Mirror Training and Balance Control in Collegiate Ballet and Contemporary Dance Students
By: Elizabeth Ruth Coker
Published: 5/18/2016
Uploaded: 06/06/2018
Uploaded by: Pocket Masters
Pockets: 2016 (May) Teachers College Columbia University Ed.D. Dissertations, Gottesman Libraries Archive, Historical Dissertations
Tags: balance, Dance, mirror training, postural control, proprioception, vision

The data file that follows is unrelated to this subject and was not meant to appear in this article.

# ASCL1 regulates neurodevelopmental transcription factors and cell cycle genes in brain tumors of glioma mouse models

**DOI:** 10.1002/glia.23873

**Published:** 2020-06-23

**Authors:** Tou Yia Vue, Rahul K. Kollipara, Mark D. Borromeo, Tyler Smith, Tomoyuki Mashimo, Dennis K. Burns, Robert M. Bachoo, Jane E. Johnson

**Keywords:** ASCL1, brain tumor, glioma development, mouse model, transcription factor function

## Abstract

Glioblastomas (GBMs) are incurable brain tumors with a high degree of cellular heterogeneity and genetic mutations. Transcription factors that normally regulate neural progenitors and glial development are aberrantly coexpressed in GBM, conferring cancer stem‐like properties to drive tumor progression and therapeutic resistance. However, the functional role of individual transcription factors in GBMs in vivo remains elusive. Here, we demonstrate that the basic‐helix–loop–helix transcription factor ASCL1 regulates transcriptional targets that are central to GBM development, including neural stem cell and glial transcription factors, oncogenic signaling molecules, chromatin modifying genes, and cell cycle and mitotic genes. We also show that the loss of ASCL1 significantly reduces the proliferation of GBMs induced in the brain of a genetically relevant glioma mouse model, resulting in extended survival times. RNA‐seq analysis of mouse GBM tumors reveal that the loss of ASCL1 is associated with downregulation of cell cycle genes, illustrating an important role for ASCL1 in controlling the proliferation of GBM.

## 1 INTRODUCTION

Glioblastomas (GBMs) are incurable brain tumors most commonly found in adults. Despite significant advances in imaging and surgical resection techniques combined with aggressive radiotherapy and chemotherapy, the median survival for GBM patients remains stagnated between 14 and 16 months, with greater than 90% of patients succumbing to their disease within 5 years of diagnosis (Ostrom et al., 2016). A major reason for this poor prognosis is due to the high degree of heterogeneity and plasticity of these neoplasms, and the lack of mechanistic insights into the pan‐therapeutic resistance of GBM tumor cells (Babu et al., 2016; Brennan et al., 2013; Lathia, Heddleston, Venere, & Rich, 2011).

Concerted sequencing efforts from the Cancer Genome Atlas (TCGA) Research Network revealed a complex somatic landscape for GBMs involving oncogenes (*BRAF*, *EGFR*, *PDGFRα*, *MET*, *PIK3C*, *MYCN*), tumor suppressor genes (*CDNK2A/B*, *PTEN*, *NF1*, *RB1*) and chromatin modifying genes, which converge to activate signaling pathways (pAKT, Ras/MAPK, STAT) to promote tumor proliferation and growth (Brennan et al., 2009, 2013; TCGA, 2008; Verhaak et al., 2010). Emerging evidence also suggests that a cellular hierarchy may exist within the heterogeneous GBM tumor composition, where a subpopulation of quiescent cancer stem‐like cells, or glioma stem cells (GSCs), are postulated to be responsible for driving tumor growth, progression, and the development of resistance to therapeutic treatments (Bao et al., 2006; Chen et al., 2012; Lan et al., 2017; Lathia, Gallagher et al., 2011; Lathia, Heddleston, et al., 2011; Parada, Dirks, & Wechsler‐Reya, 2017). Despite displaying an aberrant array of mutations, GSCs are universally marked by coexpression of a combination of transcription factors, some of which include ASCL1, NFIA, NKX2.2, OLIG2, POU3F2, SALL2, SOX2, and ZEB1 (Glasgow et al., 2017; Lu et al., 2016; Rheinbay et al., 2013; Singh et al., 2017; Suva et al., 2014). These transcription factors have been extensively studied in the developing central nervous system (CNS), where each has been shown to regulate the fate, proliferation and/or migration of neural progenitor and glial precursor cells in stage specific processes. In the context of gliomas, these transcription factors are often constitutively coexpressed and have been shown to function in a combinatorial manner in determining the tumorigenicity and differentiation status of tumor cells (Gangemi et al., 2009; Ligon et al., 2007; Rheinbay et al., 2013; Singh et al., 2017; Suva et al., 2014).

Description/Abstract: Previous research has suggested that dancers' use of mirrors in training promotes a visual reliance that may inhibit adaptive use of proprioceptive input during balance. Although mirrors are often used in dance training to check form accuracy, it is unknown whether dancers' use of mirrors in the classroom affects balance performance in stage-like visual environments. Although evidence in athletic populations supports the idea that balance ability is task-specific and does not generalize to improved performance on unrelated balance activities, few studies assessing balance during dance have included dance-specific movements. This study seeks to better address practical issues affecting dance pedagogy by including both non-dance and dance-specific balance tasks and establishing methods for analyzing balance during dance-specific tasks. We tested balance performance under a variety of visual conditions in a group of collegiate dance students before and after participation in a four-week balance training program in which they practiced dance-specific tasks either in front of a mirror or with no mirror. We found that collegiate dance students demonstrated impaired balance in low light conditions as evidenced by increased COP mean velocity during both the static and dynamic dance tasks. Training did not significantly affect balance performance on either dance task, although mirror training increased performance consistency of the static dance task and these improvements were maintained in the low-light condition. Our results suggest that collegiate dance students demonstrate impaired balance in stage-like conditions, and a balance training program performed in studio-like conditions did not significantly affect balance performance. However, mirror training may improve performance consistency of a static dance tasks and these improvements can be maintained in stage-like conditions. Our findings do not support the current trend in dance pedagogy that suggests removing mirrors in the training environment in order to avoid the development of visual dependence, and we recommend further development of measures for dance-specific balance performance.